2008 Ohio Section Award for
Distinguished College or University Teaching of Mathematics

Judy Holdener
Kenyon College


Tom Dence presents Judy Holdener with the 2008 Ohio Section Teaching Award

Judy Holdener of Kenyon College is the 2008 recipient of the Award for Distinguished College or University Teaching of Mathematics given by the Ohio Section. Teaching Award Committee member Tom Dence presented the award to Judy at the Spring 2008 Meeting of the Ohio Section. Judy has a distinguished record of teaching and scholarship.   She supervises high school teachers who teach Calculus, and also holds the Distinguished Teaching Chair position at Kenyon.  It is her responsibility to organize campus activities that promote the discussion of excellent teaching among the university faculty.   Judy is a national Project NExT Fellow, and has served the Ohio Section by being a member of both CONSTUM and CONSACT. Judy’s students and colleagues wrote these comments in the application for the award:

“One day early this semester, Professor Holdener sat down and went through a list of 50 graduate programs with me.  We spent a total of two hours discussing each school individually, until I had pared down the list to seven schools. Since then I have gone to her office several times worried about graduate school, and she has always been there to help.  Professor Holdener has been open, accessible, and always helpful.  I know without a doubt that she has changed my life for the better.”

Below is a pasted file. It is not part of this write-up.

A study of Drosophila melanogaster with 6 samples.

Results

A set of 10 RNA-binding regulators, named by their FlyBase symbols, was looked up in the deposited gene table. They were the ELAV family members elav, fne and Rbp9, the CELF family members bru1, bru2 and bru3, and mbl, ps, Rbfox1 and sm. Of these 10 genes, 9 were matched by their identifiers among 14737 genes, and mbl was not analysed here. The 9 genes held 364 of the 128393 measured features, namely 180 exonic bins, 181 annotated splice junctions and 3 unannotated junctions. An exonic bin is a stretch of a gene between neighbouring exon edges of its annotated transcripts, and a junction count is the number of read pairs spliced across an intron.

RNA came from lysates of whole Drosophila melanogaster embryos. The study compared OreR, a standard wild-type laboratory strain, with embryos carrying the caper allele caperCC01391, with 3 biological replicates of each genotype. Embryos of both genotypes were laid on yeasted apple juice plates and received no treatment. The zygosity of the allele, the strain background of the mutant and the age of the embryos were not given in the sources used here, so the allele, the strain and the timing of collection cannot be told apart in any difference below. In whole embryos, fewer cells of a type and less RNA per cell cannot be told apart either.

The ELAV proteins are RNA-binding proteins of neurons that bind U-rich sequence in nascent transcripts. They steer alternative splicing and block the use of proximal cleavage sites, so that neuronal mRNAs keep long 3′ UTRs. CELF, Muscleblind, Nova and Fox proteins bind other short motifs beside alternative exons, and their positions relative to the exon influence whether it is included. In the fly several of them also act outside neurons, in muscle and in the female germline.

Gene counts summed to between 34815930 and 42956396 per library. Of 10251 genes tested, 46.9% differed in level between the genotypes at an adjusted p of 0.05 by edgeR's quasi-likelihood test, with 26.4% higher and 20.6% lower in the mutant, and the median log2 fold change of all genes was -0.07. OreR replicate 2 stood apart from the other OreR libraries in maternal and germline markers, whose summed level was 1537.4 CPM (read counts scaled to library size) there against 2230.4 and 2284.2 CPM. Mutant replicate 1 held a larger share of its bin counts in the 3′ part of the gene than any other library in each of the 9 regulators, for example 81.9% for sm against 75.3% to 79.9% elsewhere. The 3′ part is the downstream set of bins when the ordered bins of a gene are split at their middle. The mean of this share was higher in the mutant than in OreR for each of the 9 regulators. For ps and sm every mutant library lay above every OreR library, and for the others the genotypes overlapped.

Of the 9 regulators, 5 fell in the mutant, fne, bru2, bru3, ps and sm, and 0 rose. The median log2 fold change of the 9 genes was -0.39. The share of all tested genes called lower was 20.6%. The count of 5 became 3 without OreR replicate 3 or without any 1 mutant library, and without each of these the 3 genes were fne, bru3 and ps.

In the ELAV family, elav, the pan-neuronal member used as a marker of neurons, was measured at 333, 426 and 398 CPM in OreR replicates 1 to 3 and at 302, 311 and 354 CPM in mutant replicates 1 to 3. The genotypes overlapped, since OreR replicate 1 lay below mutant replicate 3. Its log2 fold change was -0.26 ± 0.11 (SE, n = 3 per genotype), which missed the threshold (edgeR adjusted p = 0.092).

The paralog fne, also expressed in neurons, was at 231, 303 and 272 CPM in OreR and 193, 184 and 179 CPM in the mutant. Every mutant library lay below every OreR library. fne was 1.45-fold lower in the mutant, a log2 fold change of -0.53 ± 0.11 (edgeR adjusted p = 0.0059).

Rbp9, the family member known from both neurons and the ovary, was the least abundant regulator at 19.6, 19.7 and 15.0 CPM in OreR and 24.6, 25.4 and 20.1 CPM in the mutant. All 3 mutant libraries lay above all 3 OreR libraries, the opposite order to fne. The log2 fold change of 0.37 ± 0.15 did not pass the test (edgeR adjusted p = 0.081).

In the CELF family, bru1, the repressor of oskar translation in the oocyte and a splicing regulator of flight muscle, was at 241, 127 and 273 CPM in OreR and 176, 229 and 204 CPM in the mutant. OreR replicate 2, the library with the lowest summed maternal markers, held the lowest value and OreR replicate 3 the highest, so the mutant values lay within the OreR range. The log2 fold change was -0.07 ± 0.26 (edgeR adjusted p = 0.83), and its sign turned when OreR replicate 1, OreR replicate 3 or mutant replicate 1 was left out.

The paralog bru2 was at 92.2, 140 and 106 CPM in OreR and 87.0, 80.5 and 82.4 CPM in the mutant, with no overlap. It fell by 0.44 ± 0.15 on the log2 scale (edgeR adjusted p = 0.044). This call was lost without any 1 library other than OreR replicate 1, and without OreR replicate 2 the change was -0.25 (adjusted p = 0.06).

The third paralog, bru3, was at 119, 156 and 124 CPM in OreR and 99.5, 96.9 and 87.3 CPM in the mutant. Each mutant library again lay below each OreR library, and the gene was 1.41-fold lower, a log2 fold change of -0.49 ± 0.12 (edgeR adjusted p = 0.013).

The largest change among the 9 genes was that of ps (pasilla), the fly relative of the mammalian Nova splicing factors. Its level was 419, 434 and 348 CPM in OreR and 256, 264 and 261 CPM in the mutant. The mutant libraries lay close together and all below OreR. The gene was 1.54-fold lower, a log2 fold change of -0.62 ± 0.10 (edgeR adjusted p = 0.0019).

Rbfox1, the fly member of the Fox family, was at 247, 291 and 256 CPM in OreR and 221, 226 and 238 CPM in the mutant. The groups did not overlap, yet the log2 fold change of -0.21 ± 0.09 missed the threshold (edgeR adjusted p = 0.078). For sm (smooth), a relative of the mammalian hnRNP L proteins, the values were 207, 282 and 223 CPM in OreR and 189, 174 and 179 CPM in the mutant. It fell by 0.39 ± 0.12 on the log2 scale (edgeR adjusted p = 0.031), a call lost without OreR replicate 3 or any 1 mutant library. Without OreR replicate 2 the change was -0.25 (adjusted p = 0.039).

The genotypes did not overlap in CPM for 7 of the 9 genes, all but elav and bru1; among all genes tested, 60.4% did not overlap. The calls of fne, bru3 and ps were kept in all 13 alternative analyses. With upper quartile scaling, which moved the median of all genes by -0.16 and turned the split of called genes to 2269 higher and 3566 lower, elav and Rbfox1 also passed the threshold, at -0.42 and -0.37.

“Judy is the single most gifted teacher with whom I’ve ever had the pleasure to serve.  She is a complete natural, but is also meticulous and thorough in
preparation for class.  She is also a master of designing engaging and instructive projects.  She challenges the students, but they enjoy the process so much it doesn’t feel like they are being pushed.  This connection with students – combined with her prodigious mathematical insight – has made Judy the most sought after research advisor in our department.  Within the past few years Judy has worked with students on projects as diverse as computer models of the
gut of a worm, visualization of binary sequences as fractals, and the distribution of perfect numbers.”

“I have said that Judy is unusually successful at getting students immersed in the mathematics, so that what they do (not what she does) is the engine that drives her classes.  Papers, projects, computer visualization and simulation, student presentations, independent research, design of web pages and scientific posters are all present in Judy’s teaching.  She brings to the classroom the same intelligence and care and fire as the students have, but in her classes, it is the students who give the great performances.  It  changes them forever.”

(Adapted by the Editor from the teaching award citation written by Tom Dence on behalf of the Teaching Award Committee.)